Preventative Cardiology

Don’t underestimate preventative care! Visiting your doctor regularly can catch problems before they happen. Three good steps for preventative care are a good diet, regular exercise, and regular doctor visits. Watch this podcast by Kentucky Health to hear from Dr. Henry Sadlo on the importance of preventative cardiology.

“Best Practices to Prevent Heart Disease”

Excerpt from “The Importance of Preventative Cardiology” by Kentucky Health on

For over two decades, Sadlo worked as a cardiologist treating heart attacks and other sudden events. Now, he has shifted his practice to focus on preventing cardiac disease, which requires identifying at-risk patients at an earlier age and either stopping the progression of plaque buildup or keeping it from happening in the first place.“Coronary disease is inflammation of the arteries,” Sadlo says. He explains that atherosclerosis begins with initial fatty deposits sticking to the arterial wall, and that over time more deposits gather and then harden into plaque, which causes inflammation, narrows the artery and ultimately obstructs blood flow. If the heart muscle stops receiving a constant supply of blood, it will die, Sadlo says.

Common early warning signs of coronary artery disease are chest pain and tightness and shortness of breath, but Sadlo cautions that some patients may have a plaque rupture leading to a blood clot and then heart attack when they only have 30 to 40 percent blockage, which typically does not cause any symptoms.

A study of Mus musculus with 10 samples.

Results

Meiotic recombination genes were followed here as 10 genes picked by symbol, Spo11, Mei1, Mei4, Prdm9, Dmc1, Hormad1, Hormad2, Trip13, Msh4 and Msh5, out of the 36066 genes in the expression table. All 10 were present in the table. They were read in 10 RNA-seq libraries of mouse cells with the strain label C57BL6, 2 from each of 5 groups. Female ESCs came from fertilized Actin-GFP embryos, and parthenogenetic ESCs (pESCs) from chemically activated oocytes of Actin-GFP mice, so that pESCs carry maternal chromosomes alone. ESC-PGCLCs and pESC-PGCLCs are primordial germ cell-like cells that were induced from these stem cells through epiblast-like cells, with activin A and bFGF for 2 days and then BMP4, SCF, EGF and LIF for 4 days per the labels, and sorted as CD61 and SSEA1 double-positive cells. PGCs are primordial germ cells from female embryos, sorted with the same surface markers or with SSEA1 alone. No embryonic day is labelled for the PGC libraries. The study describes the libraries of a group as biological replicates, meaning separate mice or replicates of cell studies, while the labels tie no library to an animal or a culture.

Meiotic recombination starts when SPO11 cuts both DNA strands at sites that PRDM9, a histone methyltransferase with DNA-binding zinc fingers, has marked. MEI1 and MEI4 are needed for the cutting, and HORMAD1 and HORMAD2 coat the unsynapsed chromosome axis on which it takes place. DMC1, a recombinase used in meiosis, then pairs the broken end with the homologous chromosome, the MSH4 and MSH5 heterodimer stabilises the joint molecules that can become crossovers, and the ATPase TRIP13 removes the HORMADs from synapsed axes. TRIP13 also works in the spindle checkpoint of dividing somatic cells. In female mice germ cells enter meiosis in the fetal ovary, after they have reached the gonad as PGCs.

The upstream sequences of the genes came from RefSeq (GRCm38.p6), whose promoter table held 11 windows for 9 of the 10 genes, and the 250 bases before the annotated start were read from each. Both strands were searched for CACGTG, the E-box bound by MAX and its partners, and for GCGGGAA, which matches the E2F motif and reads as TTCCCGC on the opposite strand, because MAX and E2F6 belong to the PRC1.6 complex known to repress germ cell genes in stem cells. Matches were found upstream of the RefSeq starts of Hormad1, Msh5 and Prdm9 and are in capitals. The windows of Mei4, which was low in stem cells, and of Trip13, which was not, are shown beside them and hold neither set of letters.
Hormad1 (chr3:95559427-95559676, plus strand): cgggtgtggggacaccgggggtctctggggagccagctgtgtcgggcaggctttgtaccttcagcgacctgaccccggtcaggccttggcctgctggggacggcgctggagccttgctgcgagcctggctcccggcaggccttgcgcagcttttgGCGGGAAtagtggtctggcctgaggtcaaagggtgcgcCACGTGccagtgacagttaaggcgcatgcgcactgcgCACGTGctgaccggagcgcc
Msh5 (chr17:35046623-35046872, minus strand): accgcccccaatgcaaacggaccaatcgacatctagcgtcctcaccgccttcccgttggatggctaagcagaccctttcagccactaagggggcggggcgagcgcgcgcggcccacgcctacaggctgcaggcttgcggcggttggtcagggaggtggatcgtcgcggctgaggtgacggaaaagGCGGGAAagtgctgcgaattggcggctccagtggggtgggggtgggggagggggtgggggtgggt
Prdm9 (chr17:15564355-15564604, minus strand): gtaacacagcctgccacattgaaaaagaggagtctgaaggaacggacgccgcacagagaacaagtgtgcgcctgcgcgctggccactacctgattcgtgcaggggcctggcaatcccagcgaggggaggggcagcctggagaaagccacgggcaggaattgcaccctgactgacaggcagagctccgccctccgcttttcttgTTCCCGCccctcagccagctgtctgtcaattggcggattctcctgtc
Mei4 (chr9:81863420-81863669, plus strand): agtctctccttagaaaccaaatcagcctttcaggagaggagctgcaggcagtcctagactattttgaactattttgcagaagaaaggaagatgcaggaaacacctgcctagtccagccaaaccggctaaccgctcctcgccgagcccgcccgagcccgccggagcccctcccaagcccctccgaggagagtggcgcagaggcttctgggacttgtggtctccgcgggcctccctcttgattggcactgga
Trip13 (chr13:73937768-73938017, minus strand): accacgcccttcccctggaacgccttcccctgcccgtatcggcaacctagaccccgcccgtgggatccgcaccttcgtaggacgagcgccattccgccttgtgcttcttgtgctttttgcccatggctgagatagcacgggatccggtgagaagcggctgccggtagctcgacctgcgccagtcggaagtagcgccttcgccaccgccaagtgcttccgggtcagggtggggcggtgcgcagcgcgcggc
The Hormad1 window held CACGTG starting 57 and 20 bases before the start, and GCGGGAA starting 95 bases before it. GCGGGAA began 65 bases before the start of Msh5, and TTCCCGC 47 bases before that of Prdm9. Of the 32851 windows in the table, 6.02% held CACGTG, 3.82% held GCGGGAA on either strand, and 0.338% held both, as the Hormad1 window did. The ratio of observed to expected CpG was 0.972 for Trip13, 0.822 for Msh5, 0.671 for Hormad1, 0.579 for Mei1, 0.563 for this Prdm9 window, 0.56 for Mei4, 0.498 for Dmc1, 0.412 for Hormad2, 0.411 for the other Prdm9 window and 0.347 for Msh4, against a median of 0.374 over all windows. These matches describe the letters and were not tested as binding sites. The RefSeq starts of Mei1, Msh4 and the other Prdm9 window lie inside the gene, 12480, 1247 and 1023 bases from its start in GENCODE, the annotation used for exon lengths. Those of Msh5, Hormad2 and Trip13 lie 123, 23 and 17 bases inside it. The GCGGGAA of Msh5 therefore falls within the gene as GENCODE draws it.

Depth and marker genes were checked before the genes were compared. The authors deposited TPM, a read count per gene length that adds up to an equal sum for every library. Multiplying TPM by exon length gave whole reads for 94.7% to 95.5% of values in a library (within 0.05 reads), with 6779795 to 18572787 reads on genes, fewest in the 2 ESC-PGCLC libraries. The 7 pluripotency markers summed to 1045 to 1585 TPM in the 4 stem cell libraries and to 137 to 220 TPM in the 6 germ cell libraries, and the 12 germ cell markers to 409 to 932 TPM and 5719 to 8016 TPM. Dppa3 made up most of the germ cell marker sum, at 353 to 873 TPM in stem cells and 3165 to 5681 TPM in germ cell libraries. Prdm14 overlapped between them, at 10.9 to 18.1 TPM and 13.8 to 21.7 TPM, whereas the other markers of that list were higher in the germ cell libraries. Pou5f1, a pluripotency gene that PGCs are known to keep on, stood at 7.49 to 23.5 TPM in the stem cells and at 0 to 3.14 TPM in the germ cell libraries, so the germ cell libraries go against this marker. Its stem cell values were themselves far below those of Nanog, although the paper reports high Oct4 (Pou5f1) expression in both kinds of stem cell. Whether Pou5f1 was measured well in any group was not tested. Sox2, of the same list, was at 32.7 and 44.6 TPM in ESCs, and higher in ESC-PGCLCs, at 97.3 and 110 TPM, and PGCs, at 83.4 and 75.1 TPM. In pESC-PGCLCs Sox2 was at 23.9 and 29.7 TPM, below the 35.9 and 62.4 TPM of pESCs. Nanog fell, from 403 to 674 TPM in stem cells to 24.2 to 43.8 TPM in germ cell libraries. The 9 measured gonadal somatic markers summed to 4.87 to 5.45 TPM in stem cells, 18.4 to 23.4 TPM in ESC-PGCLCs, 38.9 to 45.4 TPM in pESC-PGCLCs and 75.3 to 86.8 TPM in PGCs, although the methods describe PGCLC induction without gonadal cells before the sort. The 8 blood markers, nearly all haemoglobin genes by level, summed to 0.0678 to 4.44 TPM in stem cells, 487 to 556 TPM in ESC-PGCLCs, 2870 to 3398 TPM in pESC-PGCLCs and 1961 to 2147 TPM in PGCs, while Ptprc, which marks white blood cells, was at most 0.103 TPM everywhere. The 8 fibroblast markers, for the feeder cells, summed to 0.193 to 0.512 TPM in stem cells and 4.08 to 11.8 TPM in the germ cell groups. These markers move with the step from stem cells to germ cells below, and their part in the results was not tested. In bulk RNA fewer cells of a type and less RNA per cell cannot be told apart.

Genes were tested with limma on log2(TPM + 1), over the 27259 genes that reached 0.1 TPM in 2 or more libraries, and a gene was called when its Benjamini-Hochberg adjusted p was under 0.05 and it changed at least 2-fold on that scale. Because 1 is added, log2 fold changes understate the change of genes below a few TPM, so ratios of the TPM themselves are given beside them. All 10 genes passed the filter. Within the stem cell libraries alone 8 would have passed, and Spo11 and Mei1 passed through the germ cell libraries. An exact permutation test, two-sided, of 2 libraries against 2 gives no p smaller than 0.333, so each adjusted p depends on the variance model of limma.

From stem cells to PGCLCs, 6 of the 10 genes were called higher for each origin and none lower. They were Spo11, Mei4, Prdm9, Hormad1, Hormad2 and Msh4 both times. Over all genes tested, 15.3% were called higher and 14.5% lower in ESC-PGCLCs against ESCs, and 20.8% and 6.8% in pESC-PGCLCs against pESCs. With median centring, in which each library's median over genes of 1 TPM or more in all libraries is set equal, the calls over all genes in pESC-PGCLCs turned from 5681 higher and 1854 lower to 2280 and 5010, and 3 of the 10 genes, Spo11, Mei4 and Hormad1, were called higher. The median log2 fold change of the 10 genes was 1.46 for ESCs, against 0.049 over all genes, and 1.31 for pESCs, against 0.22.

“If you do have symptoms, tell your primary care doctor right away,” Sadlo says. “They will decide if you need to see a cardiologist, but the sooner we get to someone with chest pain, for example, we may be able to avoid a bigger deal like a heart attack down the line.”

“Diet is critically important” to maintain coronary health, Sadlo says. He recommends viewers to access the American Heart Association’s website for their Healthy Heart Diet, which he also passes out to his patients in a brochure.

Exercise is also important, Sadlo says. “The two-page brochure that I give out, the first page lists the American Heart Association’s guidelines for aerobic exercise to stay heart healthy. It’s 150 minutes per week of moderate intensity aerobics. That’s equivalent to not jogging or running, but to a brisk walk.”